Let's Ride: Exploring The Northern Arizona Vortex

Words and Pictures by Jonathan McCurdy follow him on Instagram

I recently met Jonathan and was inspired by his rides and pictures through instagram. I asked him if we could pass some of his stoke onto our readers and I hope to publish more of his rides as our site continues to grow.

Check out the Ride on his Strava: Part I & Part II Total of 86.5 miles and 7,560 ft of Climbing

Since moving back to Arizona, one of my goals has been to see as much as my home state has to offer before whatever opportunities the future has for me in other parts of the country. I was invited on an epic road ride with a group of friends which would take us through what’s called the Verde Valley, in the northern forests and high plains of Arizona. 

When most think of Arizona, they think of vast lifeless desert, spiny cacti and deadly venomous vermin. This stereotype is understandable; after all, much of southern and central Arizona contains elements of this motif. You might be surprised to discover a very different story as you venture further north. Above the Kaibab plateau, the Verde Valley transitionary region that sees a huge variety in flora and rock structures before you reach the more traditionally forested lands around Flagstaff. One of the features supporting this variety of life is the Rio Verde or Verde River. The Rio Verde snakes through north central Arizona, supporting the cities of Camp Verde, Cottonwood and Clarkdale. Our ride would take us through two of those cities, and give us the opportunity to experience the life made possible by both the Verde River and Oak Creek, which flows the towns of Sedona and Page Springs.

The first part of the trip took us down Highway 89A. The shoulder on 89A was littered with tiny rocks and rubble that got kicked into our shins. Years ago I had ridden up this same road going the other direction. Then it was a total slog of a climb, so it was somewhat gratifying to descend this time.

The next leg was my favorite; we took a scenic detour down Page Springs Road. The road vaguely follows Oak Creek through one of the prettiest areas Arizona has to offer. The road rolls downhill twisting and turning by several vineyards and wineries in a way that evokes strong comparisons to California’s Sonoma county. Except Arizona’s own wine country is palpably greener than California. Shady oak trees lined the road combined with the perfectly overcast, slightly humid weather to create a veritable paradise, right in the middle of one of the driest states in the continental US.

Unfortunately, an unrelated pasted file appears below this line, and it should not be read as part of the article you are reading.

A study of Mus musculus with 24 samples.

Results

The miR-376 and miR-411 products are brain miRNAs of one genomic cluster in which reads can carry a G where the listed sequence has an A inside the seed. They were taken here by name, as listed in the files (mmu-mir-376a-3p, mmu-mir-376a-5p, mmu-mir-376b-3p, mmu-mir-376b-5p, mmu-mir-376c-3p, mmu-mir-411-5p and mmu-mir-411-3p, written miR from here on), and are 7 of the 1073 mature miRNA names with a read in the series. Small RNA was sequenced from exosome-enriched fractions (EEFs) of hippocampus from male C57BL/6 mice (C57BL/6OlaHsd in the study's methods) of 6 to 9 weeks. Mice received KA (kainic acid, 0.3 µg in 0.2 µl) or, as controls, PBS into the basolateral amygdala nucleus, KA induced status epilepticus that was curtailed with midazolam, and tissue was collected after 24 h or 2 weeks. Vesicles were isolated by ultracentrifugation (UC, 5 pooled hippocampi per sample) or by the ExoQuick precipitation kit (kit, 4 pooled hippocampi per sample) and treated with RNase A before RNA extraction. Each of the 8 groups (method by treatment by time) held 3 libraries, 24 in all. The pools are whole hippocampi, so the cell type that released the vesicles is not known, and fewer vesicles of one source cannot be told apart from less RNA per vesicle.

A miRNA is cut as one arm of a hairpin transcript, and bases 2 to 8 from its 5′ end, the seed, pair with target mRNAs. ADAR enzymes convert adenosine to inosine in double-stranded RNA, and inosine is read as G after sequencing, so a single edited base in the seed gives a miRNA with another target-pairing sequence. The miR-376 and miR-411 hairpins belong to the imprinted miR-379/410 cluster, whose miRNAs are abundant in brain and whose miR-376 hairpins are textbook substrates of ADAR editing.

We exited Page Springs road and our route took us through the towns of Cornville and Cottonwood, but our first planned stop of the day was a third C-town, Clarkdale. Clarkdale lay at the base of the toughest part of our ride: a 12 mile, 5000 ft hill climb through Jerome to Mingus Mountain. This same highway continues down the other side and into Prescott (another idea for another day).

This climb was daunting for a couple reasons. One, it was a major hillclimb in the middle of an 86 mile ride. I’ve done long rides before, and I’ve done major hillclimbs, but this would probably be the first time I’ve done a climb of this caliber on such a long ride.

The climbing started out a gradual pace, ranging from just above a false flat to around 5% all the way to Jerome. Our group splintered as we entered the city of Jerome on grades 13+%. We took a wrong turn along the route but before long we were heading the right direction before a beautiful expanse of red rock dotted with green as a ribbon of asphalt climbed and winded its way along the wall.

This descent was something special. It occupies that spot between easy swooping descents like Mt Lemmon, where you don’t have to brake or ever stop pedaling, and super technical descents like South Mountain, which really challenges you to stay focused. After nearly 4000 feet of sustained climbing, we were all really depleted. At the bottom of the hill, we made our third stop at a gas station for necessary refueling. 

Though the bulk of the climbing was now completed, we still had 40 miles to go with significant elevation gain to return us to Sedona. Once we made it back to the main highway into Oak Creek and Sedona, the scenery really inspired a final kick of strength in me (this might be my superpower) and the group. 

Some of us went to Oak Creek Brewery for overpriced food and mediocre beer, while uploading choice photos to social media. But really, we were all just glad to be off the bikes with the prospect of hot shower and soft horizontal surfaces awaiting us in the Valley below.